By Imasha Costa, Editor-In-Chief
On Wednesday, 6th of October, UCC Student’s Union had to turn away students from their food bank as they ran out of food to give. Speaking to Asha Woodhouse, SU President, she recollects her experience from that day.
‘I remember when we started, there was loads of food there. I was in meetings therefore I couldn’t come when we first started letting students come in. The number of students started clocking up and things were going very quickly.’
Woodhouse states that within almost 50 minutes, the Food Bank ran out of things. A staff member who was generous enough to give them 60 euros allowed the SU executive to run to the nearest shop and buy more things. But by the time that they returned, there was a line of 20 students waiting. One crate and one shopping bag worth of food provisions was not enough.
‘There was just nothing there. It was heartbreaking and very difficult to see how food insecurity is faced by students. In the past years, there were usually 20 to 30 students that used the food bank. But this time, there were 100 students.
‘But these are just the students that are showing up to ask for help, there are also students who feel ashamed to come ask for help.’
UCC Students Union Food Bank was first introduced in 2019 by then Welfare Officer, Naoise Crowley, but was then not accessible during the pandemic. The current SU executive had found bringing the Food Bank was a necessity especially with everyone coming back but was not an initial priority. Caoimhe Walsh, Welfare Officer had students approaching her, since the beginning of the year, many stating that they could not afford the basic necessities after paying their rent.
Penny Dinners were the first to donate toward the Food Bank. Asha states that Caitríona Twomey saw an increase of students coming to Penny Dinners, availing of their services to receive a hot meal for the day. With those encounters, there were students that were either thinking of dropping out of college or even deferring because they were so starved and under pressure to even afford their basic necessities.
The SU finds themselves in a difficult but fortunate situation where students come with their issues to them, to speak to them and they get to see what is really happening.
UCC Students Union started a GoFundMe on the same Wednesday and within 19 hours were able to raise 15,062 euros, exceeding their 5000 euro goal. Woodhouse states that people have been generous, and it is not just staff and students but also people from outside Cork. So many people wanted to donate and support.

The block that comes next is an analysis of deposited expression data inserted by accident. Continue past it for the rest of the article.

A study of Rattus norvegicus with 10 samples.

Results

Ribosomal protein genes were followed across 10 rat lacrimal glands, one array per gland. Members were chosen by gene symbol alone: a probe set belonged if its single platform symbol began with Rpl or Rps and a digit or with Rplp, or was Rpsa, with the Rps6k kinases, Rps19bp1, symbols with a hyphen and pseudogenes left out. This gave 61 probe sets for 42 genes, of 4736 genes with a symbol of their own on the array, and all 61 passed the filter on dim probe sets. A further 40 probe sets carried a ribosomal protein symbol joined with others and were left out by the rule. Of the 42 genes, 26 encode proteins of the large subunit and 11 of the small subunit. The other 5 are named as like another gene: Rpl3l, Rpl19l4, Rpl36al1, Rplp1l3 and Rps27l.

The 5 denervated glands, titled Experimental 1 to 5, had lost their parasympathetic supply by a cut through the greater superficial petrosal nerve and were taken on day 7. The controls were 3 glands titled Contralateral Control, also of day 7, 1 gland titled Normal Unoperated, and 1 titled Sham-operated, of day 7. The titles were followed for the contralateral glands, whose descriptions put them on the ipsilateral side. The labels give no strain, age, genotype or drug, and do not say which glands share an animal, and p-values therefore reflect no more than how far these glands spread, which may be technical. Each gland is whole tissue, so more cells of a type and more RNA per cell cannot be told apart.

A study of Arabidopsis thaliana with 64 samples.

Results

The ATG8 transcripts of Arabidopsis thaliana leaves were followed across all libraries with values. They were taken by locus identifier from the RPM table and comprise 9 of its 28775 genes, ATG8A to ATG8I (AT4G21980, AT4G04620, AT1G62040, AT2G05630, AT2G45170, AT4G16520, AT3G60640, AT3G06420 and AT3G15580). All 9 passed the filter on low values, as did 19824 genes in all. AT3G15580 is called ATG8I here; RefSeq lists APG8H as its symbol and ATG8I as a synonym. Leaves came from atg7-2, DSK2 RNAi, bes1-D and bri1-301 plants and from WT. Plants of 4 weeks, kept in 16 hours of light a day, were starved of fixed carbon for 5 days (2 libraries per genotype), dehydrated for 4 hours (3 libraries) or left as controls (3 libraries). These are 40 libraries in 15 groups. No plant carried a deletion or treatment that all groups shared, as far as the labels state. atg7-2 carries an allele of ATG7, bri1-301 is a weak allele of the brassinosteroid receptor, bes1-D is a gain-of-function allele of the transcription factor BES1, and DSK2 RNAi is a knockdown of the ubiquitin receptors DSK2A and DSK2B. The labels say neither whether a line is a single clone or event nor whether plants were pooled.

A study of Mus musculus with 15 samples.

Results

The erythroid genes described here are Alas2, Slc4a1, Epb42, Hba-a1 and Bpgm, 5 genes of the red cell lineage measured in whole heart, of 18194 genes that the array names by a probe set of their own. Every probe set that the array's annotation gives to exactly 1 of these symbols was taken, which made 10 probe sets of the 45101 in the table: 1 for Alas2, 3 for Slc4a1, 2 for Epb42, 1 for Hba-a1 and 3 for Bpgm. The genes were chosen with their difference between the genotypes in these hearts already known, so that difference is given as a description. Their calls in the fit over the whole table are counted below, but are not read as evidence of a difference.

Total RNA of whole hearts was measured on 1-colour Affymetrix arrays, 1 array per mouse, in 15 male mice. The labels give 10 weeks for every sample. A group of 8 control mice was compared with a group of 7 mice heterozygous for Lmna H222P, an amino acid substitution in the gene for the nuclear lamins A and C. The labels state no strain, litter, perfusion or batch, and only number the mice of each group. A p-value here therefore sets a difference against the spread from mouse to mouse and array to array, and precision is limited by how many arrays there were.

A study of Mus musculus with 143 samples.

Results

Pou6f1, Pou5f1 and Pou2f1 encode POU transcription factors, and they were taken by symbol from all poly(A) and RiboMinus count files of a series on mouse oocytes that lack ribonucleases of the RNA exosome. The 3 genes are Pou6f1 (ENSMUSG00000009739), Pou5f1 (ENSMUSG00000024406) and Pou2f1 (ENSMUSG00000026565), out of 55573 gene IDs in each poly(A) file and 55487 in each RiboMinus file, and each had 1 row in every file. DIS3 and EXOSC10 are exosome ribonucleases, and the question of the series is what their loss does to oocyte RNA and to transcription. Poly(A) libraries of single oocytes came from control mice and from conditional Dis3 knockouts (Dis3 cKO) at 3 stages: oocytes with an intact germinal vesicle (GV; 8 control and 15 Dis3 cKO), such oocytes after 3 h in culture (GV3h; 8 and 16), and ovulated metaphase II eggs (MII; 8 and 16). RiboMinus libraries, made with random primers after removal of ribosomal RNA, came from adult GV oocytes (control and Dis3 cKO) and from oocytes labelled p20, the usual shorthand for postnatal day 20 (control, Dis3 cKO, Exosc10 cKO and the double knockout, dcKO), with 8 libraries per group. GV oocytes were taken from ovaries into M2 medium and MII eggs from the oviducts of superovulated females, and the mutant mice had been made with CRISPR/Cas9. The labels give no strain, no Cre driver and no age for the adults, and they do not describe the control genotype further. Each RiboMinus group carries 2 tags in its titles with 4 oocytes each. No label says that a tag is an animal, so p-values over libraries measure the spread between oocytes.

‘All that money will go to buying stuff (food provisions and hygiene products). We will bulk buy it so that it is cheaper. Like we did not get much for the 70 quid that we used at the shop on Wednesday.’
‘I suppose we thought that people wanted to help, people wanted to drop food in and stuff, but also people wanted to give money donations as well.’
There has been no response yet from Simon Harris TD, Minister for Higher Education. Woodhouse states that she has had no direct contact, even though her phone has been ringing all day.
‘I did miss a call from the Minister, but I do not know if it was in relation to this or something else.
‘The issue is the government, the issue is the political climate and the funding model for Higher Level Education and the fact that landlords and private developers have been out of control. I sympathise with the University, but it is the responsibility of the government. Yes, there are funds here and there, but it is just a plaster over a very cracked wall, in my opinion.’
Asha Woodhouse finally states that ‘this is very sad and heartbreaking, but I also think that it is a powerful thing. I think we should also take solace and comfort in the fact that people are so willing to come together to support people and share, and care for people. And that is a very positive thing, an environment and culture that allows you to promote and cherish more. When we forget those things, that’s how we end up in this political climate that we are in now.’